Last week, the United States signed a bilateral security agreement that will end America’s longest war. Unfortunately, that war won’t be over for another decade, and could last longer than that.
Under the terms of the bill, about 12,500 NATO forces would remain in Afghanistan until at least 2024; some 10,000 of them would be American. They would continue to train Afghani forces, and would have access to Afghan military installations.
It remains unclear how much it would cost to keep American troops in Afghanistan for the next decade. Previous estimates by The Fiscal Times indicate that $111 billion could be saved if all American troops were to leave the country now.
The White House has been publicly praising the bill, highlighting the fact that the American financial commitment to the Afghan army will end in 2017. However, a closer examination reveals that not much is going to change under the terms of the deal.
For instance, it was already known that the majority of American troops would be leaving at the end of this year. The only new information the agreement reveals is that American troops could be in Afghanistan for an additional decade (the agreement does include ways for the parties involved to back out).
This is a dramatic shift in the Obama administration’s timeline. In 2010, Vice President Joe Biden promised that American troops would be out of Afghanistan by 2014 “come hell or high water.” Then last spring, and with former Afghan President Hamid Karzai refusing to sign the security deal, Obama announced that the majority of troops would leave by 2015.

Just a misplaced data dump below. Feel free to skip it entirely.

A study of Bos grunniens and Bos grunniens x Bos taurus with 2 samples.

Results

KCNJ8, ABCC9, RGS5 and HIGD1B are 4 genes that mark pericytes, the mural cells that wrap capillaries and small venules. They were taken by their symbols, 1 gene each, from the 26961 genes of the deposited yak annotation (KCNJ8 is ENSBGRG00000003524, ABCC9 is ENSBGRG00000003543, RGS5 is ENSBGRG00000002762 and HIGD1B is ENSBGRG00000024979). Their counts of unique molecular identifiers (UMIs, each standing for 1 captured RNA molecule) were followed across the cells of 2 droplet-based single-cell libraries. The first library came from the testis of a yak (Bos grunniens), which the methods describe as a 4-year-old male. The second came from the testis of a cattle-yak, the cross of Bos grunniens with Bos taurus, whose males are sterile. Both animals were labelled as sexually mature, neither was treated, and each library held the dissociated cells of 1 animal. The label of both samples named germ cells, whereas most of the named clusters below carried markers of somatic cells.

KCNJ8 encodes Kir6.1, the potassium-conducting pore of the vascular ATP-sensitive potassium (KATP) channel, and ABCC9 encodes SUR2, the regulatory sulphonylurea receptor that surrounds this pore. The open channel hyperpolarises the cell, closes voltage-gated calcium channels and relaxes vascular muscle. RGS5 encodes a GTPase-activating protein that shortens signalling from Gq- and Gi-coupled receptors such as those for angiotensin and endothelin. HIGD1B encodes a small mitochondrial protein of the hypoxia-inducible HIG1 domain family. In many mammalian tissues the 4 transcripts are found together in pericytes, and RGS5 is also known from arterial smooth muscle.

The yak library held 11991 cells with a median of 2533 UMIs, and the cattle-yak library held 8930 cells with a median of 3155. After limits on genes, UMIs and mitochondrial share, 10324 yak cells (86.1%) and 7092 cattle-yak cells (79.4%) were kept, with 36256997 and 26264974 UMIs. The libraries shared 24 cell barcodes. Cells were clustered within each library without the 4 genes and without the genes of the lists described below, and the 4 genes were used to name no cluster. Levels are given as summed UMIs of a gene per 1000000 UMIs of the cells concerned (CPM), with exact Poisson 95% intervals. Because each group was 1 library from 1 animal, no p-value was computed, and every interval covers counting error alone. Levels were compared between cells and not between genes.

In a recent interview, Alexander Vershbow, deputy secretary general of NATO, told The Fiscal Times that NATO was unable to finalize long-term security plans because of the uncertainty over who would be Afghan president (Ashraf Ghani recently was named president through a power sharing agreement).
“It’s obviously very uncertain, who is going to sit in the chair,” Vershbow said.
News of a prolonged American deployment comes amid a new offensive by the Taliban. Multiple reports claimed Taliban suicide attacks killed seven Afghan soldiers and wounded some 20 others the day after the agreement was signed.
“By signing the agreement, the status of the Kabul administration, in particular the status of soldiers and police, is clear,” the Taliban said in a statement. “They are working for the interests of others, and their killing is important.”
It also comes amid growing concerns that Afghanistan could suffer the same fate as Iraq, where past U.S. strategy closely mirrors plans for the future in Afghanistan. Senior officials in Afghanistan and Pakistan, as well as Indian President Narendra Modi, are all urging the president to consider his withdrawal decision.
"We requested to America, regarding the defense withdrawal subject -- please do not repeat the mistake that you did in Iraq," Modi said in New York at the Council on Foreign Relations. “Because after [the] withdrawal from Iraq, you know what happened there. So the withdrawal process from Afghanistan should be very slow, and only then can we stop the Taliban from emerging its head."